Justin Torres and Paul Harding Launch LitFest

Acclaimed authors Justin Torres and Paul Harding kicked off LitFest 2024 with a discussion of craft, historical inspirations, and transcending reality. Davis Rennella ’24 details the lively conversation and the pair’s advice for aspiring writers.

Justin Torres and Paul Harding Launch LitFest
National Book Award-winning author Justin Torres’ conversation with Paul Harding, moderated by Professor of English Amelia Worsley, marked the beginning of LitFest 2024. Photo courtesy of Abby Kim ’27.

On Friday, Feb. 23rd, Amherst College kicked off the ninth annual LitFest by welcoming novelists Justin Torres and Paul Harding to Johnson Chapel. The pair discussed their newest books with English Professor Amelia Worsley. As Harding previously taught Torres, their writing works in conversation with each other; the books they introduced were akin in their themes and methods of composition. Torres and Harding discussed the inspirations for their stories, the particular methods of their craft, and gave advice for young writers who wish to develop into great storytellers.

Justin Torres discussed his 2023 novel “Blackouts, which follows an unnamed young man talking with his elderly friend Juan who is on his deathbed. As two queer men, they spend much of their time in the novel telling each other stories and exploring their personal histories that have often been ignored or obscured by the rest of the world. There isn’t much of a plot, Torres revealed, and the story is largely told through vignettes which connect to one another through the characters making associations between them. One of the stories that the characters discuss is that of a real-life book called “Sex Variants: A Study of Homosexual Patterns,” which was a detailed survey of the lives of 40 homosexual men and women in the 1930s. Torres initially encountered this book when a box of books arrived from a deceased person’s house to the bookstore he worked at. Published against the background of the era of eugenics in the United States, the study has undertones of pathologization and presents homosexuals as sometimes beautiful, and sometimes unnatural. Torres’s characters mull on these concerns over the course of the novel and how they relate to their own identities as queer people.

At the panel, Paul Harding also introduced his 2023 book “This Other Eden.” The book examines another marginalized group — a rare interracial community based on Malaga Island in Maine that existed from the late 1700s until the 1910s. While its origins were unclear, the community met its end when the U.S. government forcibly evicted all the inhabitants in 1912 and sent many of them to various mental institutions, again invoking the US’ history of eugenics. Harding explained that his primary inspiration for the story were historical photographs of the community whose evocative power alone gave him an emotional link to the island and moved him to explore it through writing. In his book, Paul wanted the reader to get close to the trauma the people of the colony suffered with an immediacy and inevitability that reading a historical account cannot. In deciding which events to focus on, he didn’t want to simply re-subject these people to violence they had already endured, nor simply preach about the wrongness of the eviction. The result is a story where the people of the island are forced to reckon with their changing circumstances and the reasons why their former paradise is crumbling around them.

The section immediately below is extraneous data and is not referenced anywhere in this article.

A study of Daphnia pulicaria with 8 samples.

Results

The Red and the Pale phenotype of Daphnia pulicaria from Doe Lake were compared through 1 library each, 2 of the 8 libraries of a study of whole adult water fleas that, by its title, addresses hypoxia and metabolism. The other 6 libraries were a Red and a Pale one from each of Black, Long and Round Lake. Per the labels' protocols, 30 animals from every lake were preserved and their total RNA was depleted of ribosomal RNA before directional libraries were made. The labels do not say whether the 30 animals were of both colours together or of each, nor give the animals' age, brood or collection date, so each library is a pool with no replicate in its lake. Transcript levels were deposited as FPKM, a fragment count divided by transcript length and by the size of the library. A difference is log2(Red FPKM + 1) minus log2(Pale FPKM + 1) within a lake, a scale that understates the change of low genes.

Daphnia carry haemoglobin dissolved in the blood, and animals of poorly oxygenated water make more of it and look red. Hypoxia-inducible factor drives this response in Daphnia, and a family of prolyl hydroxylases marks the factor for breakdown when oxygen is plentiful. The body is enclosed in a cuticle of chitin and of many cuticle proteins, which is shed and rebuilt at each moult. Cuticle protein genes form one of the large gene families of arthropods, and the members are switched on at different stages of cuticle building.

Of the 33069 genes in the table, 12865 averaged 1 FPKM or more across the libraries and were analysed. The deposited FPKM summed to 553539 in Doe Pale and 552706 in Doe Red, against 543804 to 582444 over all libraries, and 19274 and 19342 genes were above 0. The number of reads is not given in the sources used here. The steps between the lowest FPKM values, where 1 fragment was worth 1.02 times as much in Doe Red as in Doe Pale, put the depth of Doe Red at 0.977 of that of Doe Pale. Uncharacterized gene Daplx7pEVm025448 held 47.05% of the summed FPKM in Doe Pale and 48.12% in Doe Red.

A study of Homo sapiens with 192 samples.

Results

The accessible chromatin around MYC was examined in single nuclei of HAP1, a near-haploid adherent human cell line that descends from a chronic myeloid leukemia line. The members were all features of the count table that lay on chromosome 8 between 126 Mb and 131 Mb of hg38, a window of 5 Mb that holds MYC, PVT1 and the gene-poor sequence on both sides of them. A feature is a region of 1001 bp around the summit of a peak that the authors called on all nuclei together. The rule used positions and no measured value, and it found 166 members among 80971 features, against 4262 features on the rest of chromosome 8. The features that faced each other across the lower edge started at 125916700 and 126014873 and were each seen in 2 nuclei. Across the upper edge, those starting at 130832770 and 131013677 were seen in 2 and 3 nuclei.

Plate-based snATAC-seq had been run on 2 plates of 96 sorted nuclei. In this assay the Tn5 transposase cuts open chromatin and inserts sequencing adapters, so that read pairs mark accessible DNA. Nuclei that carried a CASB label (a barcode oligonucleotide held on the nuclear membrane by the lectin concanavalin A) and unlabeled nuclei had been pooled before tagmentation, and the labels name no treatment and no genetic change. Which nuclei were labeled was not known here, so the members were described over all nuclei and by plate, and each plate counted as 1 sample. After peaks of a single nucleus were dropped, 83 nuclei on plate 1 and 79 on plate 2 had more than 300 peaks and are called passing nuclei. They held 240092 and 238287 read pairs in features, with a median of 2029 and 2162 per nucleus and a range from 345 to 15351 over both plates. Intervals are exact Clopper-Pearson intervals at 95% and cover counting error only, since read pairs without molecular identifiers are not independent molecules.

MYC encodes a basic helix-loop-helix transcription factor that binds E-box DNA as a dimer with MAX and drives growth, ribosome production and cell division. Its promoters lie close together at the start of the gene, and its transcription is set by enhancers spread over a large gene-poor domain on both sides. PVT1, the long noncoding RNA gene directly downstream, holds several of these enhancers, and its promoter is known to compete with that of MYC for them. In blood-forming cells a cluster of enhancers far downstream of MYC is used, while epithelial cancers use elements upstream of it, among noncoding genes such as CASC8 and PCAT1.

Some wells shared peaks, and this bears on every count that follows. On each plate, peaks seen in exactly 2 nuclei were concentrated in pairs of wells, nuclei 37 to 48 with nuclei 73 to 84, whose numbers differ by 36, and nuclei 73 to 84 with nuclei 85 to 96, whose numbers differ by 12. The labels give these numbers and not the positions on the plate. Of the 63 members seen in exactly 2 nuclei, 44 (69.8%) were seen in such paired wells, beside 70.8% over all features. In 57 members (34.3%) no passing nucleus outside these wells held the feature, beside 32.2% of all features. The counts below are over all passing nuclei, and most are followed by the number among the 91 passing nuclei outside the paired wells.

Although both authors based their work on real-world histories, their novels include imagery and references that bring their stories out of the realm of historical fiction and into literary imagination. The dying man in Torres’ “Blackouts,” for example, isn’t in a hospital, but an imaginary structure called “The Palace” which lies in a place adrift from normal time and space. Torres wanted the reader to feel as though they were “stepping off the world” when entering his story, while still remembering the real world from which they came.

Harding is also enthusiastic about blending other sources of literature and art from different places and eras into his work. He imagines what scant literature might be present in a cabin in rural Maine in the 1910s — The Bible and perhaps Shakespeare — and inserts elements of each into the novel. His book begins with an older woman telling her grandchildren about their origin story, a kind of Genesis complete with pages and pages describing a sort of biblical flood. And like Shakespeare’s plays, the shifting focus of the story ends up causing certain characters to disappear without a trace partway through.

After the talk proper had concluded, Professor Worsley shared questions from the audience. When asked to provide advice for students interested in a career in creative writing, Torres reflected on his process of writing “Blackouts” and revealed he sometimes struggles with writing from a place of anger, conveying resentments that could (and did) impact his family. He encouraged people to write about painful topics without surrendering entirely to their resentment. For Harding, meaningful art is not produced when written from a place of polarized indignation or vengefulness, no matter how justified those feelings might be.

In the Q&A, Harding encouraged the audience to fully immerse themselves in the writing process and to not take their professors’ advice for granted. He noted that self-consciousness can create a roadblock but can eventually turn into self-awareness that makes for stronger writing. Harding also reminded the audience why anyone takes up creative writing in the first place: to create great works of art. Don’t settle for writing something passable but forgettable – create your own voice, and don’t be embarrassed that you might affect someone deeply with your writing. In short, “Write the book that no one else can write.”